People choose cremation as their means for final disposition for a variety of reasons. Some like the option because it’s friendlier to the environment, while others may choose it because of budget or personal preference.
When opting for cremation, it’s important to know all the memorialization choices available to you.
It’s a myth that cremation limits your possibilities for remembrance. Nearly any memorial option that’s available for traditional burial can be considered for cremated remains. Continue reading to better prepare yourself and your family for planning a cremation.
Benefits of Preplanning Your Cremation Memorial
The main benefit of preplanning is the ability to spell out your wishes. Rather than making your family guess if you’d like your remains placed in a cremation urn on the mantle, scattered in the mountains or interred in a burial plot, they will have documentation of your preferences—eliminating any conflicts among loved ones who may have differing visions of how to memorialize you. This is often a comfort to grieving family members because it relieves the burden of second-guessing whether they are accurately fulfilling your final wishes.
Another option associated with preplanning is the ability to pre-pay. The advantage: You’re guaranteed today’s prices, regardless of how many years you live—taking the future financial burden off family members. Most memorial providers, including Milano Monuments, offer installment plans, meaning you make payments over time rather than in one lump sum. Just make sure there are contingencies in place if the company goes out of business or you move away from the area.Most reliable companies have a trust set up to take care of customers that pre-paid.
Selecting Your Final Resting Place
There are a variety of options when it comes to preplanning a final resting place after cremation. If you prefer to have your remains scattered, your final resting place could be a meaningful vacation destination, a body of water or a garden. Before scattering remains, be sure you and your family are aware of the rules and regulations related to disposing of cremated remains.
If your family wants to feel closer to you, the best resting place may be at home. When preplanning, consider a decorative urn, cremation jewelry that your family could wear or even a memorial bench to be placed in your home garden.
Many cemeteries also allow cremated remains to be laid to rest in a traditional burial plot, columbarium or mausoleum. While not as close to home, choosing a cemetery as your final resting place allows your family and friends to honor you in a central location. Before choosing a cemetery, however, be sure to know the regulations and fees at your local cemetery.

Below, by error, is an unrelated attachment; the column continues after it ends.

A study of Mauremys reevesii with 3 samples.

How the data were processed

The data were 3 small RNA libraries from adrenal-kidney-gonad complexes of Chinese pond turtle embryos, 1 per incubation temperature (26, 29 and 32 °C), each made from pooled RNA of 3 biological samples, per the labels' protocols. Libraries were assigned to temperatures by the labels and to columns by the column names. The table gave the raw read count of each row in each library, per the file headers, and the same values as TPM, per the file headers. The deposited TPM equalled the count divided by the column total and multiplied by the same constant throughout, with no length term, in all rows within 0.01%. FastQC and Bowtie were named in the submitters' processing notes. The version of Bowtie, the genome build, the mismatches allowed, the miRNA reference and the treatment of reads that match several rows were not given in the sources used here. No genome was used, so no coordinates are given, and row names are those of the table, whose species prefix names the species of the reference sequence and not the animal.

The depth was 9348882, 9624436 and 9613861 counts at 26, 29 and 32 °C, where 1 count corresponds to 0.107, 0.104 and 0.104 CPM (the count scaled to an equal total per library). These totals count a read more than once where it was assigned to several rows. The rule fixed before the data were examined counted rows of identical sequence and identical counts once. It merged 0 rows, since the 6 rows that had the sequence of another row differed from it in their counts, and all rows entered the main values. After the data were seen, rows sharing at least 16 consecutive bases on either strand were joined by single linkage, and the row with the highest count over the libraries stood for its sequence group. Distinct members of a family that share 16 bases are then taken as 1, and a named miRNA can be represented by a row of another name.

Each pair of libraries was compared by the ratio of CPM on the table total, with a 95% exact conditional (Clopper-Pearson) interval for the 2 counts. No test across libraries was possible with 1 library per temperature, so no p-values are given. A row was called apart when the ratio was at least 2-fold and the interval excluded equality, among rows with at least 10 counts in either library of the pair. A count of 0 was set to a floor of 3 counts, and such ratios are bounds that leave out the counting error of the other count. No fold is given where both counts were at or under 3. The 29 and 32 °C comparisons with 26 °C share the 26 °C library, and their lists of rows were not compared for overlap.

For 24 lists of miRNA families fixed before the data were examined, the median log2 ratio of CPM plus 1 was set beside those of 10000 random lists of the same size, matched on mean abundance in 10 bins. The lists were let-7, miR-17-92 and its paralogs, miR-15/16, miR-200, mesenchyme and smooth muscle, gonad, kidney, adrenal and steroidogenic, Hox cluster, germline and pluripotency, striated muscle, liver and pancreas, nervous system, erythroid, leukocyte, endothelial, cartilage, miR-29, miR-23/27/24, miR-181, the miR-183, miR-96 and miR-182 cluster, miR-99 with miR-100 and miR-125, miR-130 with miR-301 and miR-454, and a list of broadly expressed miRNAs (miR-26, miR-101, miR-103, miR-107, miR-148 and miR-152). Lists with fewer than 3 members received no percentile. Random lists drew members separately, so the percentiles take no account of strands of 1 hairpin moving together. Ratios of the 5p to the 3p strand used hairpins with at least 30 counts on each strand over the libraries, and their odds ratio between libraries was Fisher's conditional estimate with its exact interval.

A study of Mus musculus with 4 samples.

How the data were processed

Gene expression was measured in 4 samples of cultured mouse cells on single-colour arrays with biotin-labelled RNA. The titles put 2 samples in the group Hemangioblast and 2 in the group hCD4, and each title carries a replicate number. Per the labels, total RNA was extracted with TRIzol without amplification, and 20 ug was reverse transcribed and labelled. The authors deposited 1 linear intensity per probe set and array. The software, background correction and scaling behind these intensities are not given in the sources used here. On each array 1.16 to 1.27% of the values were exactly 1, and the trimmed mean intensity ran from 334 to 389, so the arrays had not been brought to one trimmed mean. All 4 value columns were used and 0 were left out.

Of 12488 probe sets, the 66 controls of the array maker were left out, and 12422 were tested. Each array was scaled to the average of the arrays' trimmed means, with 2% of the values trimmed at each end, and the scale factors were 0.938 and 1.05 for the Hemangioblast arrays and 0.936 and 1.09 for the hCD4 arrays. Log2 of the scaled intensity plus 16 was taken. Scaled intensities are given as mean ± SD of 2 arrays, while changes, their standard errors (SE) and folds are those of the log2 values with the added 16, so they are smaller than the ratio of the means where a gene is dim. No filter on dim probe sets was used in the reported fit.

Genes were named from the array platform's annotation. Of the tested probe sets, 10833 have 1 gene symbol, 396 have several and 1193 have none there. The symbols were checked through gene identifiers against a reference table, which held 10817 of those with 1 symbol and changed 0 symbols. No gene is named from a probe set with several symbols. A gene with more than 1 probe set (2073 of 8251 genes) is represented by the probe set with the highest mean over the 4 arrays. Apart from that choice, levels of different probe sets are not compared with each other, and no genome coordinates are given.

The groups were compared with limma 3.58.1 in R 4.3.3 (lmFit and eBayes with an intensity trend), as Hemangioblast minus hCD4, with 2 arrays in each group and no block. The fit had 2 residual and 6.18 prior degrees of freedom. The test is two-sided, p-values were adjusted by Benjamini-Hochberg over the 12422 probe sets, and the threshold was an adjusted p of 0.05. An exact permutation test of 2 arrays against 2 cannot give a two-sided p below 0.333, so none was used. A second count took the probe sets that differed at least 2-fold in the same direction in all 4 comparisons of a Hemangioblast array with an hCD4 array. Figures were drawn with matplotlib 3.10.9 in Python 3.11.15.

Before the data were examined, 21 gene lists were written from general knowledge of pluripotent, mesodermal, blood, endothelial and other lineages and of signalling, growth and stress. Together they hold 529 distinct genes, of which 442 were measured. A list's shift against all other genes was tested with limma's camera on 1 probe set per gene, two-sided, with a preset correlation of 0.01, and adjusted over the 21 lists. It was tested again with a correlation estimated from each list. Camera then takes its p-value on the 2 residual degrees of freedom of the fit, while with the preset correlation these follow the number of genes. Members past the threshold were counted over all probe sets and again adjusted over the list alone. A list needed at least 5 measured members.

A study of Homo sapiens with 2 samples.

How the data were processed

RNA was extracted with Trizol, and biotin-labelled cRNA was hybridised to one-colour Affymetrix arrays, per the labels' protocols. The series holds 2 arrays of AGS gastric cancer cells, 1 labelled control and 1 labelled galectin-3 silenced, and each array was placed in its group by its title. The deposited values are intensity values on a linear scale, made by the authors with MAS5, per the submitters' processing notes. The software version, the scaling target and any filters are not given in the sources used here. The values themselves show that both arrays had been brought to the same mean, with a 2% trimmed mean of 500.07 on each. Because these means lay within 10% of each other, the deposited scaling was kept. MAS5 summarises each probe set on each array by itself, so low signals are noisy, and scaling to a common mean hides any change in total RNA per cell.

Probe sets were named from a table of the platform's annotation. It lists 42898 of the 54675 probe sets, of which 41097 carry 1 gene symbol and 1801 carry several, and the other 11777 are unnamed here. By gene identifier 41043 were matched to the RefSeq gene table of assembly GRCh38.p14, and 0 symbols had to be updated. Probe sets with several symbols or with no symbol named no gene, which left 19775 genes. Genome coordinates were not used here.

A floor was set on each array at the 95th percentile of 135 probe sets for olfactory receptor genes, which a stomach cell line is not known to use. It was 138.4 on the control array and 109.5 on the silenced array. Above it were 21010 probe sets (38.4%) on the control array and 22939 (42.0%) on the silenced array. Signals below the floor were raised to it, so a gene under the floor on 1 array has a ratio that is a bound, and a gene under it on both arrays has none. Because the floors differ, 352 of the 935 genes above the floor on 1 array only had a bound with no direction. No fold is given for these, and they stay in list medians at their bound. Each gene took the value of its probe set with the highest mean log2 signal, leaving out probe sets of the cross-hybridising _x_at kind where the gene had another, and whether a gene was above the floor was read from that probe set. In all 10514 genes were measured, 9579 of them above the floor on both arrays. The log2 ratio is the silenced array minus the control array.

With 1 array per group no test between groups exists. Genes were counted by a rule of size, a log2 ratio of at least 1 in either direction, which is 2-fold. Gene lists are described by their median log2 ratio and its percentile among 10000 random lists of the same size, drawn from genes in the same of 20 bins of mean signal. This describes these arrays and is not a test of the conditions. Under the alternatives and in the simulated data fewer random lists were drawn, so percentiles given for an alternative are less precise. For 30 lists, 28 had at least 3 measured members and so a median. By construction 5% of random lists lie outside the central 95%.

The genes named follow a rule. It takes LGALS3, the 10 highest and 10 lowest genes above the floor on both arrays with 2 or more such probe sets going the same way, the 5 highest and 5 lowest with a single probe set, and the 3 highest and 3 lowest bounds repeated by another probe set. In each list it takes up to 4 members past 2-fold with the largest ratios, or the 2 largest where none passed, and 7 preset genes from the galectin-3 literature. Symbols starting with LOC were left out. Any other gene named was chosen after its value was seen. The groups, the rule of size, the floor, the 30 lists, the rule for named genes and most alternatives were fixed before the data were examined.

Selecting a Cremation Urn
Your final resting place will be the determining factor when choosing an appropriate cremation urn. Display urns can be made of wood, metal, stone or something entirely unique. If the urn is being used to transport the cremated remains for scattering, it must be suitable for that purpose.
Urns that will be buried or placed in an above-ground structure (like a mausoleum or columbarium) need to be made of a certain material to keep them protected. The rules and regulations for urns are the same as they are for a traditional burial. Many cemeteries require an urn vault for buried cremated remains. Urn vaults help support the ground and soil, as well as your loved one’s remains, to ensure the plot doesn’t collapse.
For larger monuments or memorial benches, urns can be recessed into the granite and sealed. These can be placed in a cemetery or in other places, such as a park.
Buying Tip: Memorial providers generally have a much wider selection of urns and headstones compared to funeral homes. You’ll also notice a much greater range of price points to fit your budget.
Personalization Options for Cremation Memorials
Like traditional burial markers, families and individuals that choose a cremation memorial have a variety of personalization options available to choose from. For example, urns can be engraved to include your or your loved one’s name, or a favorite quote.
Memorial benches and granite boulders with recessed urns can also be etched and engraved to include your name, a meaningful symbol or quote. Bronze plaques or lettering can be added to your cremation memorial, as well as photos.
Need Help with Cremation Memorial Planning?
Whether you’re preplanning your own cremation memorial or are in the midst of planning a memorial for a loved one, the Milano Monuments team is here to help. Download The Comprehensive Guide to Cremation Memorialization to learn more about the extensive cremation memorialization options available to you and your family.